Well, cash in your chips, people, it’s the end of the line. On Tuesday, scientists reported the discovery of hybrid sharks off of the coast of Australia--that is, a cross between the blacktip shark and the Austrailan blacktip Shark. The Australian Black Tip shark lives only in warm tropical waters, and is slightly smaller than the more common Black Tip that is found globally.
What this means for science is pretty extraordinary. From an evolutionary perspective, it’s a clear sign that shark populations are adapting to climate change across the planet. From an end-of-the-world perspective, it means it’s only a matter of time before flying sharks infest our skies with teeth and fins of airborne terror.
What would cause such a merge is not clear, though it’s speculated that human activity affecting food populations and climate change are potential triggers, though this may have been a long-term hybridization that went unnoticed as well.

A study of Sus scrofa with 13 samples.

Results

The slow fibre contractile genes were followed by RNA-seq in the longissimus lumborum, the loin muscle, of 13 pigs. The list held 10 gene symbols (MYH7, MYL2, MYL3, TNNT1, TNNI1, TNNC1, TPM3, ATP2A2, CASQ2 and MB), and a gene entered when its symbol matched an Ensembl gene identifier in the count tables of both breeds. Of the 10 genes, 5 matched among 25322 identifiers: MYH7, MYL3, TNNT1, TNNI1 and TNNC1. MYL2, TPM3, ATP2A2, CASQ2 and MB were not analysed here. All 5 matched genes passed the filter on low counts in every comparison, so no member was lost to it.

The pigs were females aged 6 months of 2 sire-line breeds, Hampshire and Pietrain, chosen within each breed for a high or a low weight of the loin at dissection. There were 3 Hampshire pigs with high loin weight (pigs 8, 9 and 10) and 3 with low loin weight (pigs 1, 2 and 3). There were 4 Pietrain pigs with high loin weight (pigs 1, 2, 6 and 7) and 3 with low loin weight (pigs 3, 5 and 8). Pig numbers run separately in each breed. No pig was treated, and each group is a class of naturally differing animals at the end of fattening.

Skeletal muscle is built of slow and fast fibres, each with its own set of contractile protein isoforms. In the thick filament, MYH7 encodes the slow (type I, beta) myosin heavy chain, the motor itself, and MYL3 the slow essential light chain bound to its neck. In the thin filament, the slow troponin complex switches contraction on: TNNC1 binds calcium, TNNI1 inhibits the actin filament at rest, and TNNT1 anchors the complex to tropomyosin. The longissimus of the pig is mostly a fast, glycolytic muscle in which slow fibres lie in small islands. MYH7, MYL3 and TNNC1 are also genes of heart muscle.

This could mean good things for shark populations worldwide, if it’s something that is happening across various species. I for one am uncomfortable with the notion of hybrid great white sharks cruising the cooler waters of where I tend to live, but I can just keep my feet safely on dry land and let the sharks have their watery domain. We don’t want to really evolve into the wings and air-breathing beasts of our nightmares, after all, and that’s what would happen.
The wild conspiracy and world-ending opinions of Jason Kennedy are his own and not the (admitted to, at any rate) opinions of PCWorld. For more flying shark theories and other wild hypothesis, you can follow Jason on G+ and Twitter.